Invaluable in science and industry, computer simulations involve building a virtual model inside a computer and then observing the behavior of that model under various conditions. This makes it possible to reproduce and investigate phenomena which are difficult or impossible to experiment in real life due to the risk, scale or cost involved. Computer simulations are also used to optimize aircraft performance, map the impact of earthquakes and tsunamis, model new drugs and develop advanced materials.
However, the creation of 3D models and digital landscapes requires massive volumes of data. Conventional computers are not capable of handling compute operations on this scale. That is where supercomputers come in. Today's supercomputers deliver the horsepower needed to perform the most sophisticated, compute-intensive calculations and simulations.
A world pioneer in many fields of science and research, Japan has a long-standing tradition in the advancement of supercomputing technologies that deliver next-generation simulation and computational capabilities. In fact, the world's fastest supercomputer was developed by Japanese company Fujitsu.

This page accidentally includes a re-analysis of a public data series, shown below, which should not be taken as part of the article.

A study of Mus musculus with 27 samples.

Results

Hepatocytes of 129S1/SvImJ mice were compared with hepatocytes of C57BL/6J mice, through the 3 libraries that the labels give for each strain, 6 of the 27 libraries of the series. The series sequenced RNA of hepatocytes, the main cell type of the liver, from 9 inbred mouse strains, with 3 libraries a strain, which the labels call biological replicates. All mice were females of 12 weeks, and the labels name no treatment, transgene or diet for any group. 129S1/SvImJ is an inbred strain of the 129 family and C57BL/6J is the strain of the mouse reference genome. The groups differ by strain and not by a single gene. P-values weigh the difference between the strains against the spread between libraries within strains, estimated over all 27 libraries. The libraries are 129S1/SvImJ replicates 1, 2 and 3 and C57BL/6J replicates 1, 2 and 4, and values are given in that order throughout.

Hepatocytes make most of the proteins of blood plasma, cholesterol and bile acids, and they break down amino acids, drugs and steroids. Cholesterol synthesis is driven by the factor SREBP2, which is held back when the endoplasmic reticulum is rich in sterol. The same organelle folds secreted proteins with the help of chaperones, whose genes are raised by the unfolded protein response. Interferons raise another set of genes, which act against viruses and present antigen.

A common example of where supercomputers are advancing industrial innovation is automotive design, where computer simulations help engineers to optimize driver and passenger safety in the event of a crash. While crash tests are also beneficial here, they have limitations. It is not financially viable to crash sufficient vehicles to cover all accident variables and there are mechanical limitations to the insights that can be gained from dummies ? as humans obviously cannot be used for crash tests. Highly accurate computer simulations can, however, give designers information on a scale that would otherwise be too hard to obtain, enabling them to build safer vehicles.
Looking beyond safety, computer simulations can also be used to optimize industrial design and environmental performance in general. The latest generation of supercomputers is capable of simulating an entire aircraft or vehicle based on the exact shape, size and properties of each individual component or device. This allows engineers to monitor and capture the precise behavior of those parts and components under a whole range of circumstances and from a variety of angles. Analyzing results otherwise invisible to the human eye allows designers to predict previously unknown phenomena. This reduces development cost and time, while also enabling performance enhancements and improving safety.